25 October 2020

Chocolate

Chocolate has always been a significant part of my life. I have an insatiable craving for it, a nearly genetic craving, and here’s an overview of my relationship with it through my life.

Of late I’ve discovered that I can keep the addiction under control by allowing myself a cup of hot chocolate (made with a sugar substitute blend) at bedtime if I’ve been good (or at least relatively good) about my carbohydrate intake during the day.

Several years ago I discovered that I could buy online 5 kg. slabs of the fine Callebaut 100% chocolate and 5 kg. bags of their cocoa powder. Callebaut is the finest chocolate I’ve found that is available commercially at a bearable price. The only better chocolates I’ve found are the small boutique bean to bar outfits. I use Callebaut for my hot chocolate and for the chocolate syrup that I pass out along with my jams and jellies.

Before that I’d been using our local Guittard chocolate and cocoa powder. That’s good stuff, and I’d still be cooking with it if I hadn’t found a source for the Callebaut.

Back near the beginning of 2012, I was at the Bartlett Street Market (a farmers’ market since expanded into the Mission Market along 22nd Street) and spotted a couple of handsome young men named Todd and Cam behind a card table offering samples of their Dandelion Chocolate . Well, I never say no when someone offers me a taste, especially of chocolate, and most particularly when it’s offered by a handsome man; but my eyes rolled back in my head at the first taste. I’d never had better and still haven’t. It’s widely available in expensive boutique markets and top-end groceries, but is blindingly expensive .

Before Dandelion and Guittard I was using Scharffen Berger (until Mr. Scharffenberger sold the company to Hershey and they moved the production back east).

For years before that I’d been experimenting with a long list of cocoa powders because back then the only chocolate in my chocolate syrup was cocoa powder. The brands I remember: Ahlaska [sic], Arriba (an Ecuadorian varietal that’s 22% cocoa butter), Blooker, Cadbury, Dagoba, Droste, Equal Exchange, Ghirardelli (“Old Dutch Medium Process 24% cocoa butter”), Guittard, Hershey’s, Lake Champlain, Navitas (a raw Peruvian powder) Nestlé, Peet’s, Rainbow Grocery bulk (which i was told is Guittard), Rapunzel, Schokinag, Valrhona, Van Houten, and Wondercocoa (in spite of its insipid name and being 99% fat-free, pretty good stuff).

In the mid-eighties, I talked the folks at a bakery on upper 18th Street into selling me 10 lb. slabs of Guittard milk chocolate, which I displayed at my parties on an extra-large chopping block with a large knife stabbed into it so that guests could chop off chunks or, depending on the guest, slivers. The leftovers I used in cooking or ate. In that same era and on the same street, Fran Gage had a bakery in which she sold a magnificent chocolate crème brûlée of which I allowed myself one every few days.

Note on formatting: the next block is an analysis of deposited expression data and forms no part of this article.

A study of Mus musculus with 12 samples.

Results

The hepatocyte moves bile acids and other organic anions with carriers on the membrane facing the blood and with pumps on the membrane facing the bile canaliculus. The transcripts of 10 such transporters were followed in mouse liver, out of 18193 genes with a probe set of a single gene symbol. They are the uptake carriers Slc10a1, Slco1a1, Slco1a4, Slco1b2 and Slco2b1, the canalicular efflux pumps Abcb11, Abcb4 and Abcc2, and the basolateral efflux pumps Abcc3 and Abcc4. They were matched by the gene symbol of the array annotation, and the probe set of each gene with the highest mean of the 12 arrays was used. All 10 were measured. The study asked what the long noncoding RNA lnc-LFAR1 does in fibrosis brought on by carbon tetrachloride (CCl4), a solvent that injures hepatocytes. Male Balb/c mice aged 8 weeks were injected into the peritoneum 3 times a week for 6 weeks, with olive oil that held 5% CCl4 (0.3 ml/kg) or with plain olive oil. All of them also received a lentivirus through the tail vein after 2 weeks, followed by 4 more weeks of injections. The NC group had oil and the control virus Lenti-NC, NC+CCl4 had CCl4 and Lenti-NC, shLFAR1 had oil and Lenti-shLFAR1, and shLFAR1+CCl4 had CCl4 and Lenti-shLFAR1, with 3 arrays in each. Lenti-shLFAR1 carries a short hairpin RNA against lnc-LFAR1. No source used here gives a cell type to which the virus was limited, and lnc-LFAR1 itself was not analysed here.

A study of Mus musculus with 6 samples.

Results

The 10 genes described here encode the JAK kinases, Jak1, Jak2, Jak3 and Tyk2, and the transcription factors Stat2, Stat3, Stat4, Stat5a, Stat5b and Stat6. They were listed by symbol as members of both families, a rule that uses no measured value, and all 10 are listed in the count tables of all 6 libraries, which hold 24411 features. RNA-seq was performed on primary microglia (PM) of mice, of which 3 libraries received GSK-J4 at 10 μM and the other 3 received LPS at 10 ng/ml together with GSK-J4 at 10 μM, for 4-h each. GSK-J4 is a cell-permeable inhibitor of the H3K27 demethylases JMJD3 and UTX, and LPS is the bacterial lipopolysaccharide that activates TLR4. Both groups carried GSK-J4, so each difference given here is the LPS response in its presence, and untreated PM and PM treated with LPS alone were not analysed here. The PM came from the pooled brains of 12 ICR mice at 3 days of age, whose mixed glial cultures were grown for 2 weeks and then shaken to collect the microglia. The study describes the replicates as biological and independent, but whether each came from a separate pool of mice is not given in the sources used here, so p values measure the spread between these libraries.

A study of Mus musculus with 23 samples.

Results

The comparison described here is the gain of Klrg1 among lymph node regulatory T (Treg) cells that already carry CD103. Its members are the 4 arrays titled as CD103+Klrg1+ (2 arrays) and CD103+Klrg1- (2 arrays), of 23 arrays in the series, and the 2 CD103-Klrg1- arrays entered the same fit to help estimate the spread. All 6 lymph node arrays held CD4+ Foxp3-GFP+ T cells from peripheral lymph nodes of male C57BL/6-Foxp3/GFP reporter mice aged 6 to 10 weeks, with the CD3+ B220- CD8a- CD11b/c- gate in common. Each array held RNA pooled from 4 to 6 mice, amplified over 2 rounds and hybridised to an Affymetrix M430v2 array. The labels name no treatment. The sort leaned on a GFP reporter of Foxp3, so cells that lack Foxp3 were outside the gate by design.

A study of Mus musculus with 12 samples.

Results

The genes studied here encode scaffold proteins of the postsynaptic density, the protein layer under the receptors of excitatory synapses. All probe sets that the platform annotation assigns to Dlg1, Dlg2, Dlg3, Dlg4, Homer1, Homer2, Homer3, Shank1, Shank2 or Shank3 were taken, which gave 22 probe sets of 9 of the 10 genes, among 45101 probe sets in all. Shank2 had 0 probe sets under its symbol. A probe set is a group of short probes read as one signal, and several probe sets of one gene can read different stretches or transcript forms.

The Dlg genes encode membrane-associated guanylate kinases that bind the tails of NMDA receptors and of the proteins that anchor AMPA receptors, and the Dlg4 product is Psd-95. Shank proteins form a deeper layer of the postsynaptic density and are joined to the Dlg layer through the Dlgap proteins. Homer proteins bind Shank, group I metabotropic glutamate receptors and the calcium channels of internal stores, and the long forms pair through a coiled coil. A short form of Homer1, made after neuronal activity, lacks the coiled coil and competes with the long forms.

Twenty years earlier, in the mid-sixties, I was in the Army and stationed in Frankfurt am Main; and my two main memories are my discovery of the Toblerone bar at the PX and the superb Sarah Bernhardt Torte at the Café-Konditorei Stark on Eschersheimer Landstraße. That torte was a great stack of many variously textured layers, many of which were chocolate, and I still dream of it.

Before that, memories fade; but I still treasure my first encounter, another twenty years back. It was early in 1945 and I was still three when my uncle Robert was on leave from the Army and paid us a visit, bringing with him a six-pack of Hershey bars. This was a real treasure because only soldiers had it. Chocolate had been unavailable on the civilian market since near the beginning of the war, so I’d never tasted it.

My mother was not perfect, but she did many things right. In this case, she introduced me to this new food by saying it had to be eaten in a special way. A serving was one square, and she would break it off the bar for me and place it on my tongue, warning me not to chew it but rather to let it slowly dissolve on my tongue to prolong the delicious taste. If you just chewed yours up greedily and swallowed, she’d be sitting there for some time with her eyes and mouth closed wearing a beatific smile and refusing to talk until hers dissolved. I foolishly gobbled the first one, but not again until some years later when chocolate had become common and I could eat it unsupervised.

And even now, on those evenings when I allow myself a cup of hot chocolate, I take small sips slowly, so as to make it last.

Meanwhile, since I don’t have a photo of chocolate, how about one of my new deluxe cherry pitter. You load the hopper with stemmed cherries and push down the plunger to take the pit out of the waiting cherry, which then rolls into the waiting bowl while another rolls into the pitting point. Repeat as necessary. That little saucepan in the background is for the pits that fall out behind.